British multinational consumer goods organisation Unilever has pledged all of its suppliers will pay their employees a living wage by the end of the decade.
The commitment, unveiled as part of a wider renewal of its social responsibility standards, will see the business insist that all workers of companies in its supply chain must receive a living wage by 2030. The requirement extends to all those that directly provide or deliver goods and services to the organisation.
Leena Nair, chief HR officer at Unilever, said: “The commitments we’ve announced will mean we will raise living standards across our value chain.”
Unilever says it defines a ‘living wage’ as that which enables people to have enough money to cover food, water, housing, transport, clothing and still have some spare for unexpected events.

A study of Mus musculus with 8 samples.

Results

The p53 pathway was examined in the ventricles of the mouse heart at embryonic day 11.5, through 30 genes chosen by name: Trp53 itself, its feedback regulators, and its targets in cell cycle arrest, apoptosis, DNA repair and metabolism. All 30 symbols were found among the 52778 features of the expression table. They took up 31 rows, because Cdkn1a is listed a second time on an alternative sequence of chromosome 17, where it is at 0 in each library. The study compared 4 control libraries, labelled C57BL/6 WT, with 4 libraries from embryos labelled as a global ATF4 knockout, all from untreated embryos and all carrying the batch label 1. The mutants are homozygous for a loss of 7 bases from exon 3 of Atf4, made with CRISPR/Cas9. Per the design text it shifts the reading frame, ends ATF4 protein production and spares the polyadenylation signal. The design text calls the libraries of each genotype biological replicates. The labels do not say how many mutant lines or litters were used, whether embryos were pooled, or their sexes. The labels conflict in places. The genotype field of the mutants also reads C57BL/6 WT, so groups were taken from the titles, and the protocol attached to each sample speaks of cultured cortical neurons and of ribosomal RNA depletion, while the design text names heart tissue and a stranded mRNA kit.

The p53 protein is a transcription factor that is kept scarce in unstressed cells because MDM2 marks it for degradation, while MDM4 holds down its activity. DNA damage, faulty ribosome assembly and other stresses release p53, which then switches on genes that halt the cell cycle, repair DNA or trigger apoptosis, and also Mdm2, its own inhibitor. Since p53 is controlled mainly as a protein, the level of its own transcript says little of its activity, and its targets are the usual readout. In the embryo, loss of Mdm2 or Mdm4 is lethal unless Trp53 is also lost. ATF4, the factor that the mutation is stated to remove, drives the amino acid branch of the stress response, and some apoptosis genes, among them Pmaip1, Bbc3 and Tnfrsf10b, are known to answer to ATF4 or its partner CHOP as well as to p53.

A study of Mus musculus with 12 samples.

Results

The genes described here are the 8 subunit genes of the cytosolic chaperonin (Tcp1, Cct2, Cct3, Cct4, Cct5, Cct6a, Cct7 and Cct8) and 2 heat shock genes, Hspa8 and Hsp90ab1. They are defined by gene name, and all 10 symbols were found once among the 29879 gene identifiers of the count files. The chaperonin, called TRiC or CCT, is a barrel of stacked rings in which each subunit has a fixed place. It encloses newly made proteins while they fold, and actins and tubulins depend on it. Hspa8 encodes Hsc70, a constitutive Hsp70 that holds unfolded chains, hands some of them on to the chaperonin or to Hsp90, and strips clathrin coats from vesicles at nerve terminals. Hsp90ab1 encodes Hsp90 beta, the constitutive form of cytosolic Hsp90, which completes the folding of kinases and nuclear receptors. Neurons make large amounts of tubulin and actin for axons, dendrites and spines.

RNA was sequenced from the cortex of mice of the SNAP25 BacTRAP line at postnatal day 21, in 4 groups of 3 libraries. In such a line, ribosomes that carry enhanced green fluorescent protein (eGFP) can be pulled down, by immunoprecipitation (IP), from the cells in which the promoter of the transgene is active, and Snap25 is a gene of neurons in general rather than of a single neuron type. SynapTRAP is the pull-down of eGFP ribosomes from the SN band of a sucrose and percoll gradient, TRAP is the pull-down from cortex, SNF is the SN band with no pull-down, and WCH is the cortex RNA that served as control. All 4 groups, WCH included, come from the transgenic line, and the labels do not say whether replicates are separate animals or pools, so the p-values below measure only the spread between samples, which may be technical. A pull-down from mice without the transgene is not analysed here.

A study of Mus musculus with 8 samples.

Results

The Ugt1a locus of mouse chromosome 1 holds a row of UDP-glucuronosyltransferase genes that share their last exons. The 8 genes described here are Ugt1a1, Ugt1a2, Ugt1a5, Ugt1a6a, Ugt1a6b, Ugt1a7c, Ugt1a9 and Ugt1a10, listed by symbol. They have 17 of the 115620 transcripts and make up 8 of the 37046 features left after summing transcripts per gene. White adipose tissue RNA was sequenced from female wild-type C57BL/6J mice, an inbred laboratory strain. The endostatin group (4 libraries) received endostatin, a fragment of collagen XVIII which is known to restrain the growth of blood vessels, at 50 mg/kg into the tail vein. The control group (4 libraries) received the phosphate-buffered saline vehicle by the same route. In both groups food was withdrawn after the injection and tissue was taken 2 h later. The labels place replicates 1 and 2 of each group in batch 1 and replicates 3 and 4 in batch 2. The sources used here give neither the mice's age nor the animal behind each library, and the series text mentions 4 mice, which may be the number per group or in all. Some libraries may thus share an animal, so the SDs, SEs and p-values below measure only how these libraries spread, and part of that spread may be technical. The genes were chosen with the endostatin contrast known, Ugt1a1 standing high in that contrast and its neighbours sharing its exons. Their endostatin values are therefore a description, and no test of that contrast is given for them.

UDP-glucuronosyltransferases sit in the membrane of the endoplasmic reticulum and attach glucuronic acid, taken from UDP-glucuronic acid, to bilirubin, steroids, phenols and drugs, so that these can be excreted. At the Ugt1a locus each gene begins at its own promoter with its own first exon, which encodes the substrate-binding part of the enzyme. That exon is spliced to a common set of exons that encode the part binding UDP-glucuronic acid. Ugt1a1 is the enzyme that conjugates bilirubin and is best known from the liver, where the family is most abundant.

Because the cost of living varies around the world, the company has confirmed it will work with suppliers to help it set out agreed living wage rates in all of the 190 countries in which it operates.
Alan Jope, Unilever’s chief executive, said: “Our ambition is to improve living standards for low-paid workers worldwide. Ensuring people earn a living wage or income is a critical step towards building a more equitable and inclusive society. It allows people to afford a decent standard of living.”
Unilever already pays its own employees at least a living wage, but as yet has not given any more details about how it will enforce minimum wage rates on its suppliers.
Gabriela Bucher, executive director at Oxfam International, said: “We welcome Unilever’s commitments. How it is implemented is crucial. We will work alongside Unilever as it does this, helping it to deliver for under-represented groups.”